National Seniors has welcomed the launch of the Financial Protections Service, with the organisation commissioned to provide information and support to Queenslanders identified as at risk of elder financial abuse.
The service, funded by the Queensland Government, will operate from community legal centres across Townsville, Brisbane, Toowoomba, Hervey Bay, Cairns, Rockhampton, Mackay, Gladstone and the Gold and Sunshine Coasts.
National Seniors will receive referrals to its Financial Literacy Service, providing seniors with information on financial issues such as aged care and superannuation, with a view to empowering older Australians with the understanding they need to build financial resilience.
Lyndal Ferrari, Strategic Partner Program Manager with National Seniors, said that the organisation is “ideally placed” to offer specialist support.
“We have a huge ageing population who are primed to make critical decisions that will affect their wellbeing throughout later life, but who often lack confidence and understanding about key issues around pension eligibility, superannuation, downsizing, investments and much more.
“National Seniors is committed to empowering older people to make the best decisions for them, now and into the future. We’re delighted to be working with the Financial Protections Service’s community-based organisations, who are uniquely equipped to guide conversations and refer to our information service, with a view to changing financial outcomes for all older Queenslanders.”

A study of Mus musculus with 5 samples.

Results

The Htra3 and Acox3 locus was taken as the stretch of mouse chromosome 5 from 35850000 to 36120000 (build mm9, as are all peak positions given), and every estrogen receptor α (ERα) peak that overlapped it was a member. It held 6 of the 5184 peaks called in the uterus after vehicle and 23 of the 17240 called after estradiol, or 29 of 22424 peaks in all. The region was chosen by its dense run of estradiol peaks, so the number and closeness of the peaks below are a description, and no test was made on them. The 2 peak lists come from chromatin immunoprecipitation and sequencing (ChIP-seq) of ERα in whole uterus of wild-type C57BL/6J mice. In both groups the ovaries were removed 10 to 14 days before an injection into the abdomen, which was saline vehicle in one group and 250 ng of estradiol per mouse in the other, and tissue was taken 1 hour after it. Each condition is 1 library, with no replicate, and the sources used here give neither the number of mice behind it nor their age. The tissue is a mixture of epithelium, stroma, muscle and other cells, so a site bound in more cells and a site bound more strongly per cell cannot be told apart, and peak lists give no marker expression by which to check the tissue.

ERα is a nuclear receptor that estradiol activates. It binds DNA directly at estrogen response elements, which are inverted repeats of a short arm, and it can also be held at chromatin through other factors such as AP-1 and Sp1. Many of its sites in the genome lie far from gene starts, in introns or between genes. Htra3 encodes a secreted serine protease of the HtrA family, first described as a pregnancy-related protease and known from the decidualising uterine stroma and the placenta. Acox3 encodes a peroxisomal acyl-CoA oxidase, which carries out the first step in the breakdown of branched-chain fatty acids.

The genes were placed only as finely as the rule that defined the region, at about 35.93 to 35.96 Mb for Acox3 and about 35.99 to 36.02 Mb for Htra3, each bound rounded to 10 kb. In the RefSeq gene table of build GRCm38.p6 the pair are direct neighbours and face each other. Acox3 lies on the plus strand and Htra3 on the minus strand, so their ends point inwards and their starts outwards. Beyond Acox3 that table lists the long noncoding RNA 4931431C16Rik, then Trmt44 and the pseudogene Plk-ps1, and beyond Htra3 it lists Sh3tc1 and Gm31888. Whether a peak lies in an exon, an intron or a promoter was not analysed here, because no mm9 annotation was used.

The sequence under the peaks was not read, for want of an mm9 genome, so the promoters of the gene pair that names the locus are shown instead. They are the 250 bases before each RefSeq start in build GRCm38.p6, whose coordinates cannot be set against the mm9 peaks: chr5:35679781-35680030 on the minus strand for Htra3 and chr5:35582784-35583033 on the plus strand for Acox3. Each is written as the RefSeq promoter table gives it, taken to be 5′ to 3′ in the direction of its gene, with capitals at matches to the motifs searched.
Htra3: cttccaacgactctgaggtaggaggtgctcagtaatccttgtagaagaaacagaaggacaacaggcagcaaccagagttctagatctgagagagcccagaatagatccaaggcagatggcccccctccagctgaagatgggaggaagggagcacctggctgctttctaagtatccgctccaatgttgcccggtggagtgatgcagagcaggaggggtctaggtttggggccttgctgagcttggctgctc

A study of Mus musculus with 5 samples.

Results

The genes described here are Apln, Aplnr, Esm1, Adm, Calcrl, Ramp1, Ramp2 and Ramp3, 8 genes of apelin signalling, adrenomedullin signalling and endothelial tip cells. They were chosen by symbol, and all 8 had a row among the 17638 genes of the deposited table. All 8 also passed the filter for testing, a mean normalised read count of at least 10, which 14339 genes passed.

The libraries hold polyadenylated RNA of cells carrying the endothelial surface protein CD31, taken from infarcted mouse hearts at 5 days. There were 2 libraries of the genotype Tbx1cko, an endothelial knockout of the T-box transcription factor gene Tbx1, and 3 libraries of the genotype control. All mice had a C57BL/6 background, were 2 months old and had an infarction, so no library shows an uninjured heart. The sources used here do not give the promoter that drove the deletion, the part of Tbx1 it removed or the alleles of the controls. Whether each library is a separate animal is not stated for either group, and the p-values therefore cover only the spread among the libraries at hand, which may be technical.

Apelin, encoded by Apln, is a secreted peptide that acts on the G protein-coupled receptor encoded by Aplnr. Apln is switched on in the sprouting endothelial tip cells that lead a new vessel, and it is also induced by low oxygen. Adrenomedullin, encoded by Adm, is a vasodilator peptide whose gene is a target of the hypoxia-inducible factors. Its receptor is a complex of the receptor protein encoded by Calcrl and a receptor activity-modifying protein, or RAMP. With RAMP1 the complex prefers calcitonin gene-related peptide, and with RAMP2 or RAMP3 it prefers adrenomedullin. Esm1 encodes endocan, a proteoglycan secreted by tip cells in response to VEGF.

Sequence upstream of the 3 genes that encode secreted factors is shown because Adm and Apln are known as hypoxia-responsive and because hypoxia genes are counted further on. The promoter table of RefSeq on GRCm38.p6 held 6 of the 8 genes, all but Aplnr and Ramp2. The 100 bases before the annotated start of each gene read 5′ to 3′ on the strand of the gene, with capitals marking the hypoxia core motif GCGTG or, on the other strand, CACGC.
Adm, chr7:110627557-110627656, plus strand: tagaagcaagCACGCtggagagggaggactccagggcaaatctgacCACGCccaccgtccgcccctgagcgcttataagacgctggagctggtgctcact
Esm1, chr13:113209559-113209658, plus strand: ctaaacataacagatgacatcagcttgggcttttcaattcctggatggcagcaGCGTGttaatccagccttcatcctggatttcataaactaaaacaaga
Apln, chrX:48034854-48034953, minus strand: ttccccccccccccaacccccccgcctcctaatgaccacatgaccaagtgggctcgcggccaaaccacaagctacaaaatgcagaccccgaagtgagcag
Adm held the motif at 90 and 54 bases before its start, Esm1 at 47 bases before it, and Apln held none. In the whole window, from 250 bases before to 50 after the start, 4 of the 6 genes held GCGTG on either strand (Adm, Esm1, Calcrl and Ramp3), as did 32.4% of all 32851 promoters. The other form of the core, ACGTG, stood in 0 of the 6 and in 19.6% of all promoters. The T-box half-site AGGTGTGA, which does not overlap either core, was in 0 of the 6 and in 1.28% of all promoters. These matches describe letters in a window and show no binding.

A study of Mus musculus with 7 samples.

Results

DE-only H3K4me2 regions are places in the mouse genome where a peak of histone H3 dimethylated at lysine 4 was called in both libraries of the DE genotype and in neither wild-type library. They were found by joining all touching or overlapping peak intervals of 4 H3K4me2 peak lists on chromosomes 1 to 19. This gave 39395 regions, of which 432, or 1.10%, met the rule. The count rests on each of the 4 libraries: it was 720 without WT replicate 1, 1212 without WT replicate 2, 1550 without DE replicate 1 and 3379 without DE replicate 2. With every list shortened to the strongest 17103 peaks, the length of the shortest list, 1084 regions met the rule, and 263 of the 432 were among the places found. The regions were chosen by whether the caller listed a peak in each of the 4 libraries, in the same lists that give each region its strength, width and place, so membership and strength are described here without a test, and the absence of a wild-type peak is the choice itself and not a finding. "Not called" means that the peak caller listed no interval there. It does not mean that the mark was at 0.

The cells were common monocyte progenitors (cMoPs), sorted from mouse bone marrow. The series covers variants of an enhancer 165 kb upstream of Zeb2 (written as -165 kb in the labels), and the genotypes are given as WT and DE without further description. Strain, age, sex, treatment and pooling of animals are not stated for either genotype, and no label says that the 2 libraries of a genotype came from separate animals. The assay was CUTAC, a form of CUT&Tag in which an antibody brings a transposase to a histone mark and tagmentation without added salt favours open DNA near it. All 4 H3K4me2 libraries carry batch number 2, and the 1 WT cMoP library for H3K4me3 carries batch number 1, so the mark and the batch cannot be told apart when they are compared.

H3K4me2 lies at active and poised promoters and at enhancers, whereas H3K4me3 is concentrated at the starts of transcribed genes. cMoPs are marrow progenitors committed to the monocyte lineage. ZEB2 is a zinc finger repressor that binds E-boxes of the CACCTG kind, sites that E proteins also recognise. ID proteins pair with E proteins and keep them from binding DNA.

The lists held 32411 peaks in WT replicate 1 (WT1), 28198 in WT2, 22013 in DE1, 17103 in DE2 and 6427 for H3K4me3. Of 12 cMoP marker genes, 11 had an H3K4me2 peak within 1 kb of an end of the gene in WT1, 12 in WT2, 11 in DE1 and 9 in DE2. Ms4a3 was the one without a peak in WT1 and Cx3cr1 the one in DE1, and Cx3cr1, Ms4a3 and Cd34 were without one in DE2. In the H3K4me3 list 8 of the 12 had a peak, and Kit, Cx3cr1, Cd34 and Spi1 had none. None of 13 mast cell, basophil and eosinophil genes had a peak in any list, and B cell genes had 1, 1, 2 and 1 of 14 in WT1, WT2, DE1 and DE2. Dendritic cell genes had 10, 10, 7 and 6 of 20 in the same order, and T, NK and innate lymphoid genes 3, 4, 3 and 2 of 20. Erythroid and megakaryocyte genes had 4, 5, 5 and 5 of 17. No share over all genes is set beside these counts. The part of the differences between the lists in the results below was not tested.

The Financial Protections Service was instigated following a recommendation of the Inquiry into the adequacy of existing financial protections for Queensland’s seniors (the FPQS Inquiry). It will be provided to older Queenslanders undertaking financial decision making for later life – facilitating access to and uptake of free and independent financial information with a particular focus on improving financial resilience. Service partners will also undertake screening and referral for financial abuse.
More still to be done
Calling the service a ‘critical first step’, Ms Ferrari said that much more still needs to be done to protect the most vulnerable.
“There must be an acceleration of efforts to create nationally consistent Powers of Attorney legislation and a single national register for these documents. A lack of consistency between states and territories is undermining legal protections for older Australians. This has been agreed to by all levels of government but action on this matter is moving at a glacial pace.”